Chickpea & Fennel Gratin
I love beans for a lot of reasons, but my affection definitely derives from their price. Beans are cheap. Even the best beans are cheaper than almost anything else you can buy to eat. And they’re such a great reminder of how inexpensive cooking for yourself is, if you stay aware. Eliminate some of the frou frou trendy ingredients you see in the magazines, and notice, at the grocery store, that quinoa’s price has doubled (!), and you can feast almost every day for a couple of dollars per meal, a price that might allow for an occasional culinary splurge, whether in the kitchen or out.But it wasn’t long before I started loving beans for their taste and easy prep. Cooking up a pot from dried almost doesn’t feel like cooking, your pot’s just simmering there in the background, barely any of your attention needed to make all sorts of meals possible. If you’ve never made hummus from total scratch, that’s a great place to start with bean cookery.
I put a few things in with the beans when I cook them, most importantly olive oil, because it makes the beans creamy. Garlic, onion, and fennel also help add flavor. I’ll eat a bowl of freshly cooked beans with their broth and even more olive oil drizzled on top, and some breadcrumbs if I have them, and that humble bowl is what inspires this far less humble gratin.
That and mac ‘n cheese.
To turn my chickpeas into a proper casserole, I turned a third of them into a sauce, one that would absorb cheese as it melted and also hold the rest of the beans in place. I did this instead of a bechamel, as I would with mac, because that somehow didn’t seem right. For all the olive oil and cheese here, this still has the soul of a light dish.
The best homemade beans are soft all the way through; you don’t want them to have any bite. But the best homemade dinners do have some bite, some texture, and that’s why the topping of this gratin has to be bread crumbs, made fresh and toasted with olive oil, from whatever bread you find around.
- 15 ounces dried chickpeas, soaked overnight with 1 tablespoon apple cider vinegar and plenty of water to cover
- 1 bay leaf
- 1 garlic clove, slightly smashed
- Olive oil
- 1 fennel bulb
- 1½ cups fresh breadcrumbs, from 3 slices of fresh sourdough bread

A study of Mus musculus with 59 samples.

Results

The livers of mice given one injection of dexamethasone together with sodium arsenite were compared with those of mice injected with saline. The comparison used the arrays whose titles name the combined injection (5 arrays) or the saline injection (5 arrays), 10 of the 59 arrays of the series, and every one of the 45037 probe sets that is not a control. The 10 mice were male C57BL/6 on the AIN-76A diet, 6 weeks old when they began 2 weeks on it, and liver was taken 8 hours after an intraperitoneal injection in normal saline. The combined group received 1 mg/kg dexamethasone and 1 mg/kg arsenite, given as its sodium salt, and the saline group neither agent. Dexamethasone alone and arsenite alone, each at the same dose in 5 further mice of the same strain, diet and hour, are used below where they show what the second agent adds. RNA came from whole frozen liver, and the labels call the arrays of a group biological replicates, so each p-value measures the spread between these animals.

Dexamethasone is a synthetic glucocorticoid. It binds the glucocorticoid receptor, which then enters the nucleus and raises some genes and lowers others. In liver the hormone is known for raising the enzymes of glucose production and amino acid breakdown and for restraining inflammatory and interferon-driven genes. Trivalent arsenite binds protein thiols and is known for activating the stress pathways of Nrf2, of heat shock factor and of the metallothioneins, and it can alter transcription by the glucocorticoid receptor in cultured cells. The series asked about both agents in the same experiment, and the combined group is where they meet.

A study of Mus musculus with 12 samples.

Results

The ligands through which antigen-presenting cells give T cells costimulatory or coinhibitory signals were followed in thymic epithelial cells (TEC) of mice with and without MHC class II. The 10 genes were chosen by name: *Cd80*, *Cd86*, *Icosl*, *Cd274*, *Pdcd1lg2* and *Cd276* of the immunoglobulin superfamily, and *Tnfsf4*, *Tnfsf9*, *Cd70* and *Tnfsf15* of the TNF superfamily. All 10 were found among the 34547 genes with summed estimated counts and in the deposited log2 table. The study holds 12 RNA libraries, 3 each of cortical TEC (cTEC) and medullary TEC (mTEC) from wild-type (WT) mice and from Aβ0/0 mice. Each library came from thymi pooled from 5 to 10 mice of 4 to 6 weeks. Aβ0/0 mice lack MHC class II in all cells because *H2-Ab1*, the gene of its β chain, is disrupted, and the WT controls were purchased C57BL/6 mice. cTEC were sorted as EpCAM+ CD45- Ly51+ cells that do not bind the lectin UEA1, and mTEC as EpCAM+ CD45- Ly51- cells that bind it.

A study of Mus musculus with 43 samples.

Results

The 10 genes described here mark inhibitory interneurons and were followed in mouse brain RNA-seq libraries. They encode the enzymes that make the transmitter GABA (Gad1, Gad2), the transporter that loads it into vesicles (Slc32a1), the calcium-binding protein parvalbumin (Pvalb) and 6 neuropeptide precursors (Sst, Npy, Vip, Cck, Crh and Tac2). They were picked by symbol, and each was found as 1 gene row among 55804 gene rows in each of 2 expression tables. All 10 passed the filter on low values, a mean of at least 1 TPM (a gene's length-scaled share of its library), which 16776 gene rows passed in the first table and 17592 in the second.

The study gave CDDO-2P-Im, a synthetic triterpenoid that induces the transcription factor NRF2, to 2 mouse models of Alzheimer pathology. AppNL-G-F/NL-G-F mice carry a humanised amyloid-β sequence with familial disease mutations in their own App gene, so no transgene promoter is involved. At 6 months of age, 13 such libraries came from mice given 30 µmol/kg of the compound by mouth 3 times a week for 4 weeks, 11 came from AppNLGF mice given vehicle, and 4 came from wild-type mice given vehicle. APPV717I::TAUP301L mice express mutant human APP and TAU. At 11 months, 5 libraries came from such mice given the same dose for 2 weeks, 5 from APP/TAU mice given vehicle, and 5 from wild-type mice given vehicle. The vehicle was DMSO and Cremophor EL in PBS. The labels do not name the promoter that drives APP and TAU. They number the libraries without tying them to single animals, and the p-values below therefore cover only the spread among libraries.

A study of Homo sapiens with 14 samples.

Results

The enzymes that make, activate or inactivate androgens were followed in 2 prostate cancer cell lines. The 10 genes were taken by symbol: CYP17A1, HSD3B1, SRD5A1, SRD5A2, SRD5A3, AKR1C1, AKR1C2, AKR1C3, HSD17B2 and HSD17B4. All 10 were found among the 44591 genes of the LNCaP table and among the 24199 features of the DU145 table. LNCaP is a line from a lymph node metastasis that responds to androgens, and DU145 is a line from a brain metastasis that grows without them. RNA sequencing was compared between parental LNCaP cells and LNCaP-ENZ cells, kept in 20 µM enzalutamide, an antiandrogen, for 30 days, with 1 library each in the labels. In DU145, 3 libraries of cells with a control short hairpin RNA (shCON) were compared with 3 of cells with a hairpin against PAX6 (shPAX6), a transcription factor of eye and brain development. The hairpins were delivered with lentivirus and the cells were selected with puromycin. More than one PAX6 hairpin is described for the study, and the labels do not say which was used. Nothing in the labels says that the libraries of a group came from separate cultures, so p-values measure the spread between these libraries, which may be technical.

- 1 onion, minced
- 1 stalk celery, minced
- 1 sprig rosemary, leaves removed and minced.
- 1½ cups fresh bread crumbs
- 5 ounces Roth reserve cheese, grated
- Place the chickpeas with the bay leaf, garlic clove and 1 tablespoon olive oil. Bring to a boil, skim off any scum that rises, then cook, covered, until all the beans are quite soft, about 60 to 90 minutes, checking often. While the beans are cooking, trim the funnel bulb; add a handful of trimmings to the pot of beans. When the beans are done, remove the fennel and stir in ½ teaspoon salt.
- Core the fennel and mince the rest. In a separate frying pan, heat up about ¼ cup of olive oil. Add the minced fennel, the onion, and the celery and cook, stirring often, until soft, about 10 minutes. Sprinkle with ¼ teaspoon salt and add to the pot of beans to cook for a few more minutes.
- Preheat the oven to 400°F.
- Place the bread crumbs on a baking sheet. Toss with oil and salt and bake for about 10 minutes, until crisp. Combine with the rosemary.
- Scoop out two cups of chickpeas with plenty of their cooking water. Place in the blender and pulse til smooth, adding more liquid from the pot of beans if needed to get the beans smooth. Pour the mixture into a casserole pan, then add the rest of the chickpeas from the pot, leaving the liquid behind (don't toss it! it's delicious!). Add the cheese and fold together. Taste to see if you need more salt.
- Bake the gratin for 15 minutes, until bubbly. Add more bean liquid if it starts to look dry. Top with the bread crumbs and cook for another 10 minutes. Serve with chicken or fish, or just with a crisp salad.